I often hear this being said but is it really true and what are the advantages of riding in either situation? Let's consider this with the Five Elements in mind.
Physiological improvements are dependant on time. Factors involved in improving aerobic fitness such as fat metabolism, cardiovascular adaptations (heart size, heart rate, cardiac output, etc:) require long durations to be spent training at the appropriate intensity. There are no short cuts for this one, sorry! Therefore the more time spent training at the lower intensities the better (to a point!), the turbo does not match a ride outside here.
Factors involved in anaerobic energy systems generally need a lower proportion of your training time than the aerobic systems. To generate a good high intensity session less time is needed and therefore fitting this into your standard turbo session is much more possible. You'll also find you can control the exact duration of both work and rest intervals without interruption from traffic, roundabouts and profile. Is this worth twice the time, probably not however, if it is the anaerobic energy systems you are trying to train, a turbo can certainly be an advantage.
Many people find using a turbo much tougher than being outside on the road. The lack of movement and change in gradient resulting in the more continuous pedalling is often seen as boring. However, if you want to train your ability to focus and be single minded, the turbo can do this for you. Is it worth twice the time outside? Well, this is much less measurable, and highly likely to be person specific.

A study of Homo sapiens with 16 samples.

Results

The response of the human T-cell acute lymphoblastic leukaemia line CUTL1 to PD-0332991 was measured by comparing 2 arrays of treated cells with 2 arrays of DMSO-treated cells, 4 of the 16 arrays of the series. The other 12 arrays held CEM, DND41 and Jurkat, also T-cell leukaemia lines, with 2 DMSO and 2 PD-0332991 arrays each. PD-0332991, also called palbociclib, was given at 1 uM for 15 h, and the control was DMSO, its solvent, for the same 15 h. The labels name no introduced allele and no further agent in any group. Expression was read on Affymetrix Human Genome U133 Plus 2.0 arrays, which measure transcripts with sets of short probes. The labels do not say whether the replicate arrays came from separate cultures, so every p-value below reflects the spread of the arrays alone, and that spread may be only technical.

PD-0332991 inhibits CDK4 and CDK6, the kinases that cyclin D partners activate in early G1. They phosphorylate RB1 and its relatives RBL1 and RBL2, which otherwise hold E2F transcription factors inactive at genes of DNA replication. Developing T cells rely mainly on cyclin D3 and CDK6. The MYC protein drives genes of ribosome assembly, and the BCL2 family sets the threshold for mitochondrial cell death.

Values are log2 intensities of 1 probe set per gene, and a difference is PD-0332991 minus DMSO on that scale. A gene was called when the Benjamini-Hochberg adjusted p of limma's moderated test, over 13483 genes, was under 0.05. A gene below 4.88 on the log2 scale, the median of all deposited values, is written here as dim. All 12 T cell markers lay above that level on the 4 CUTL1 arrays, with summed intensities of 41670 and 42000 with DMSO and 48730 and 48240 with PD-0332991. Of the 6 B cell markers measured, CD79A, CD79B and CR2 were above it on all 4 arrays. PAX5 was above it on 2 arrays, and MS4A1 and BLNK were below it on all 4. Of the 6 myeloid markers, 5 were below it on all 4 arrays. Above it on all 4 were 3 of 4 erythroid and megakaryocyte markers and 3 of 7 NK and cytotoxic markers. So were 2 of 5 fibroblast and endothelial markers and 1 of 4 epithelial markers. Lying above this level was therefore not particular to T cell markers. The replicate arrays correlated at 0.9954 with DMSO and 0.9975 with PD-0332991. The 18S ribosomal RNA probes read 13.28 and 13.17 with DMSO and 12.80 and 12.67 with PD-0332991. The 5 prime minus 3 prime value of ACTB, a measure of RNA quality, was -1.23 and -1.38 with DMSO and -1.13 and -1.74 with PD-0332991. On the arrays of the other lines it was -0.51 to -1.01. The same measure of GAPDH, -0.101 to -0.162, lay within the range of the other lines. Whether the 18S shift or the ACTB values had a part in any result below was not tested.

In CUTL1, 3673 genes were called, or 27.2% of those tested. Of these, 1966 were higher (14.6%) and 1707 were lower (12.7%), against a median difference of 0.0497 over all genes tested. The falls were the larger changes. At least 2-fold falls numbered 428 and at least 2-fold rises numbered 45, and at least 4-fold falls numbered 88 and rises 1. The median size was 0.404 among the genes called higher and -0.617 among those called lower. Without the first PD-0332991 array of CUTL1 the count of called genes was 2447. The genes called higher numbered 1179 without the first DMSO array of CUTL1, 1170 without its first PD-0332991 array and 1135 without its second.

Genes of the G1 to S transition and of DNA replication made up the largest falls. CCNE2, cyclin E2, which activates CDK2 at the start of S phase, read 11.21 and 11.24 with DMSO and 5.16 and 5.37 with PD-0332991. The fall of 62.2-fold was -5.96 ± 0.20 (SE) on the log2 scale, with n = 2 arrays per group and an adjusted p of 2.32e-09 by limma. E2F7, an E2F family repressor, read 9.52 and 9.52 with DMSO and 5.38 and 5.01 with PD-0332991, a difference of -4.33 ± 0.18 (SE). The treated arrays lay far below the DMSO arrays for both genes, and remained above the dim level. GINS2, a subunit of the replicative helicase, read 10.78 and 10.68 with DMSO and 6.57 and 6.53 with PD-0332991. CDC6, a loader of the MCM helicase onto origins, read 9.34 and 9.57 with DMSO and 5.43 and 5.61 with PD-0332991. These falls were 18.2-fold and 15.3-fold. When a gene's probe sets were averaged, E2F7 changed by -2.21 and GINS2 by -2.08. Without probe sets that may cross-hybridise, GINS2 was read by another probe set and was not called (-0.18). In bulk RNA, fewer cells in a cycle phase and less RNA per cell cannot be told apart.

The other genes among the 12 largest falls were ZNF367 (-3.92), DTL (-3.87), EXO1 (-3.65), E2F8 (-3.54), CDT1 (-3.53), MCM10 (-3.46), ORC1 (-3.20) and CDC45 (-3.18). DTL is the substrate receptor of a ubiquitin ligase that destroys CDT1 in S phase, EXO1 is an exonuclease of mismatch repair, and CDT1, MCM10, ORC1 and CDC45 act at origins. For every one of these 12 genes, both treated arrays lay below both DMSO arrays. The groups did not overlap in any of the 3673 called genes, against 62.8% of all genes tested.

Outside you are likely to pedal for about two-thirds of the time. Previously on an old school trainer, pedalling continuously throughout a turbo session would vary from what would occur outside. This clearly allows more time to practise the mechanics of cycling and a good pedal action whilst it also has the potential of reinforcing a bad pedalling technique. The ability to control the cadence and duration of intervals to the second is a huge advantage for a turbo. Twice the time? No, but probably around 50% more.
Cornering, descending, balance, group riding. All of these skills are noticeably absent on a turbo and to practise these skills you need to be outside.
Similar to the technical side of training, it's hard to replicate most group riding tactical decision making while on the turbo. However, if you want to work on your pacing skills for your harder efforts then this is possible inside and good for the same reasons as with the aerobic energy systems. So think about what your own race situation is here before choosing your preferred training method.
When considering other time commitments, if you are short on time then setting up a turbo doing your session and packing away can often be quicker than heading outside and getting the session done; is the time on the turbo worth twice the time outside? Probably not, but it is quite possible a time-saver especially if you are lucky enough to be able to keep your bike set up when you are not using it.
What about smart trainers?
With the increase of interactive smart trainers and associated programmes like Zwift, the difference in pedalling time between riding traditional turbo and outside can be adjusted and any longer sessions aimed at developing the aerobic system can replicate what is happening outside and any boredom can be reduced. The ability to make longer rides more realistic and to complete higher intensity sessions makes them an attractive option for many however, in response to our original question is it worth twice the time on the road, this obviously means you need to spend as much time on the turbo as you would outside to get similar effects in the technical element of pedalling.
Using a turbo is a great and at times, essential addition to training however, thinking in terms of a direct comparison between using it and a ride outside is not always helpful. Instead aim to see the benefits of both forms of training and choose which one you use with an understanding of what you are trying to get out of the session.